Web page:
A Few Basic Rules
To Get Where You Want to Go
Rule 1: Save! It’s simple. You’ll have more tomorrow if you save more today.
Rule 2: Pay Off High-Interest Debt. You’ll have LOTS more tomorrow if you do.
Rule 3: Use that 401(k). The best way to save for retirement is in a 401(k). It’s automatic, saves on taxes, and your employer match is “free money.”
Rule 4: Have a Plan. Know where you want to be in 10 years. Make a plan to get there.
Rule 5: Keep Saving. If you reach a goal or pay off a debt, use the money “freed up” to reach another goal or pay off another debt.
Make a Plan
Tools You Could Use
To Refine Your Plan & Get It Done
Want a more personalized plan? If so, here are some useful tools:
Under the Covers
How We Make Projections & Our Disclaimer
All amounts are in today’s dollars.
Rates of Return & Interest Rates
- Reserves and savings for a down payment are held in bank savings accounts with interest equal to the rate of inflation.
- Educational savings are in a 529 Plan, where investment earnings are not taxed, and are invested in half in stock and half in bond mutual funds.
- Retirement savings are held in a tax-advantaged 401(k), where contributions are deductible and the investment earnings are not taxed, and are invested in a Target Date Fund suited to your age. (For workers under 50, that means a large share is invested in stocks).
- Stock funds assumed to earn 6.3% and bond funds 2.2% above inflation and fees, their long-term historical average.
- We use 2000-2009 returns as the “market tanks” returns, with stock funds losing 3.7% and bond funds earning 4.3% above inflation and fees.
- The interest rates, unless changed in Advance, are:
- 12% on high-interest rate debt, such as standard credit card debt.
- 7% on moderate interest-rate debt, such as student loans.
- 4% on low-interest rate debt, assumed to be mortgage debt, where the interest is tax deductible.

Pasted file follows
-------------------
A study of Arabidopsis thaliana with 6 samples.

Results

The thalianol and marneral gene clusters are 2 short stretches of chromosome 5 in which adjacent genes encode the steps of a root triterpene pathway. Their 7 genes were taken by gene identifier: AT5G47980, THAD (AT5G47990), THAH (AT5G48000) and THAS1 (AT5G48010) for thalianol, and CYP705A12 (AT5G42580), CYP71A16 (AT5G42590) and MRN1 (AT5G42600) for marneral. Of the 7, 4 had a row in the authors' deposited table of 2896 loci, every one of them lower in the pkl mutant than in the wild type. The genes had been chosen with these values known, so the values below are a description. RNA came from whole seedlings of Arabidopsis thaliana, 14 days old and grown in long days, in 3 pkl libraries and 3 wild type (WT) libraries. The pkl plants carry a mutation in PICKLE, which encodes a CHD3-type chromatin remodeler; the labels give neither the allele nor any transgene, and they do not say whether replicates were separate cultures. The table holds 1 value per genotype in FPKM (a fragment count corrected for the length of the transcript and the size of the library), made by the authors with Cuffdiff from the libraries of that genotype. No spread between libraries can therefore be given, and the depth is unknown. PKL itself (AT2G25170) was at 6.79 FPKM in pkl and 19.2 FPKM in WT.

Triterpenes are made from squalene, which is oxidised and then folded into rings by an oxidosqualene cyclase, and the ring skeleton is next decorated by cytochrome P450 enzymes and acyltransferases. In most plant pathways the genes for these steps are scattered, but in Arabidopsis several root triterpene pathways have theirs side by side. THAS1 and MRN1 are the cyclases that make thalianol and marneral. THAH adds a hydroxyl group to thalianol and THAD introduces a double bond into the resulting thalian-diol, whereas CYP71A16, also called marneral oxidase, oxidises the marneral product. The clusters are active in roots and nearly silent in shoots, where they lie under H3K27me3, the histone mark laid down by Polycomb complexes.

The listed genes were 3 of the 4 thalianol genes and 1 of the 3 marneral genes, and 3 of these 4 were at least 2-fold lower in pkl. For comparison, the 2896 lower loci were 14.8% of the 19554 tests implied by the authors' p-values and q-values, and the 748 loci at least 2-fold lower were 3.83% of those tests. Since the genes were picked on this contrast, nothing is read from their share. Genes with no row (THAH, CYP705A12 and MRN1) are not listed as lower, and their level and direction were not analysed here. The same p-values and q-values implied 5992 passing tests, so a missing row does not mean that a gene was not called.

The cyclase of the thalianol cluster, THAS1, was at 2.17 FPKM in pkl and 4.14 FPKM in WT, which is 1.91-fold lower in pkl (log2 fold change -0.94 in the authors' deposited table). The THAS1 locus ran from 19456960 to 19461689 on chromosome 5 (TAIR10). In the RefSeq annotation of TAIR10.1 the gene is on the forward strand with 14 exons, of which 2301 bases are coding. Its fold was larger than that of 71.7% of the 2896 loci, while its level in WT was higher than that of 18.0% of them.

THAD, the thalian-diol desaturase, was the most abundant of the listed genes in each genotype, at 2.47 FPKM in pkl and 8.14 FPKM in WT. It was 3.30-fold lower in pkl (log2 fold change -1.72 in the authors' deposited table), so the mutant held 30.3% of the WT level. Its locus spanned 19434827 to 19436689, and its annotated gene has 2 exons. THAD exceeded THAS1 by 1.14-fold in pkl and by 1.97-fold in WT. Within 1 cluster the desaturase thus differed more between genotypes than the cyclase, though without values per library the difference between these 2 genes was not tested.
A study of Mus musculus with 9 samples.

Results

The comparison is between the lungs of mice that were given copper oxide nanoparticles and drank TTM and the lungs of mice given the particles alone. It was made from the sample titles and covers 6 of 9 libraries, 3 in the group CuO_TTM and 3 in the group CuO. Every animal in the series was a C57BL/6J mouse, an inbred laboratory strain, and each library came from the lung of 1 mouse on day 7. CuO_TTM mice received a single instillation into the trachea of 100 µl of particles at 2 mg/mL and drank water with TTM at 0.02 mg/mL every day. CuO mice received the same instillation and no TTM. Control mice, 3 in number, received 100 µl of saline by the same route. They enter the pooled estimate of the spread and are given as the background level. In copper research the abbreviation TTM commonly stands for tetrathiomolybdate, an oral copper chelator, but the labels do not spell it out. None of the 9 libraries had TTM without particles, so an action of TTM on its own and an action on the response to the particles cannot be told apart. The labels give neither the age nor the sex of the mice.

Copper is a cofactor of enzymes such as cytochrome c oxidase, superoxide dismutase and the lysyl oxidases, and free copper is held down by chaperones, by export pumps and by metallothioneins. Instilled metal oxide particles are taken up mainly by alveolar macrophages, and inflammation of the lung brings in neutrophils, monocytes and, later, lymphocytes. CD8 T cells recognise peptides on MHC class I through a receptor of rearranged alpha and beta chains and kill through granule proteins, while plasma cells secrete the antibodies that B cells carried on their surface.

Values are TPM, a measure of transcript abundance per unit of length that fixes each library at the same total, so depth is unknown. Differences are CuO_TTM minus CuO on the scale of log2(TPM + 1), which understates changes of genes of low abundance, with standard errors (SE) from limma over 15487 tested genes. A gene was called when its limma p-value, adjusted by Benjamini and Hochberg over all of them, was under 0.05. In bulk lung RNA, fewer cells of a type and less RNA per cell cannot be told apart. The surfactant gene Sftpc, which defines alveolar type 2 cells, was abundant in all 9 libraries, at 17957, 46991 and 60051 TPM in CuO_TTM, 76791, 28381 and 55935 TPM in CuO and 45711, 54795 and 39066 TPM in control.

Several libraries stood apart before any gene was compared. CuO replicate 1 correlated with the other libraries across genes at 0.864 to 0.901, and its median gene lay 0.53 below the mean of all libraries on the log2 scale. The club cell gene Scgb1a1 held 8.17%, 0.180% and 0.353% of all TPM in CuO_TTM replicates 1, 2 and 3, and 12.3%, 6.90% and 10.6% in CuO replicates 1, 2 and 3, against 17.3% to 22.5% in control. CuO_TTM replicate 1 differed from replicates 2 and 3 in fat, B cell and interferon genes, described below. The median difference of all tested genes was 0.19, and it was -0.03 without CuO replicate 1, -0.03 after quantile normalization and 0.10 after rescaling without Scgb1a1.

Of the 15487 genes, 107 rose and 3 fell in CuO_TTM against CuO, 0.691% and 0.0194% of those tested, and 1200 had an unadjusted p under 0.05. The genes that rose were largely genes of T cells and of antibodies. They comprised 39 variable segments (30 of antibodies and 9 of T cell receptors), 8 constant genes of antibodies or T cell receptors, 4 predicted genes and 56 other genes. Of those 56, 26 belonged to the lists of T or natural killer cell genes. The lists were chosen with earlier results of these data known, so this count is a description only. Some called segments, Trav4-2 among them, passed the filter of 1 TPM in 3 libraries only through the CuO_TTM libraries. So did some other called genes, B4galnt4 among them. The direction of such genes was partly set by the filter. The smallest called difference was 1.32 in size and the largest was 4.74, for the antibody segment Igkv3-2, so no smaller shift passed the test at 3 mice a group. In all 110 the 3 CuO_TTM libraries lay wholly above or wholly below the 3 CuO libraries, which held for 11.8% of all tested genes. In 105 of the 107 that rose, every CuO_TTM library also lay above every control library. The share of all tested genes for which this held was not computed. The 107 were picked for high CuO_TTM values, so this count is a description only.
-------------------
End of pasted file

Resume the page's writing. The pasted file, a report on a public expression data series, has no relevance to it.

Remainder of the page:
Retirement Savings Needed in 10 Years to be “On-Track”
- We first estimate the income you’ll need to maintain your standard of living in retirement, assumed to be 75% of pre-retirement income, or the income you’ll have in your 50s.
- We assume your income rises relative to national average wages in line with the “wage scale” developed by the Social Security Administration and that national average wages rise 0.5% a year.
- We estimate your Social Security benefit for retirement when the primary earner is age 65, and assume a 10% cut in benefits to help close the program’s long-term financing shortfall.
- We assume you draw the rest of your retirement income from savings, and draw out 4% of your savings as income. So if you need 30% of pre-retirement income from savings, you’ll need 7½ times that income in savings when you retire.
- We then the estimate the savings you’ll have at retirement from what you’ve already saved. The rest must be provided by what you’ll save going forward.
- We then estimate the % of income you must save to hit that target.
- You’ll need to save less than indicated if you get a more generous employer match or if you’ll get a pension, retire later than 65, or downsize when you do.
- You’ll also need to save less than indicated if you’ll “save more tomorrow” – say by using money freed up by paying of debts or meeting other saving objectives.
When You Hit a Savings Goal or Pay-off a Debt
- Money “freed up” shifts to other objectives and debts in the following order,
- First to near-term priorities: 1) Reserve. 2) High-Interest Debt. 3) Down Payment. 4) Moderate-Interest Debt.
- Then to long-term goals: 5) Retirement. 6) Kid’s Education. 7) Low-Interest Debt.
- Inflation assumed to be 3% a year. As debt and debt payments don’t rise in dollar terms, they take less of your earnings over time. The money “freed up” is used for other objectives and debts according to the priorities listed above.
- Saving for Retirement and for your Kid’s Education stops when your savings, earning the assumed rates of return, are sufficient to hit your 10-year target.
- “Total Saving and Debt Payments” is after-tax, with
- Retirement saving assumed to be tax-deductible contributions to a traditional 401(k) or IRA.
- “Low-interest debt” assumed to be mortgage debt, with tax-deductible interest making up half the payment.
- Your marginal tax rate – the tax you pay on an additional dollar of income – assumed to be 15%, unless you indicate otherwise in Advanced.
- “Total Savings” ignores the fact that retirement savings and educational savings are not exactly comparable to other savings, as investment earnings are not taxed but withdrawals are.
DISCLAIMER: The information provided on the SquaredAway website is for educational purposes only. It is not intended to provide personal financial advice.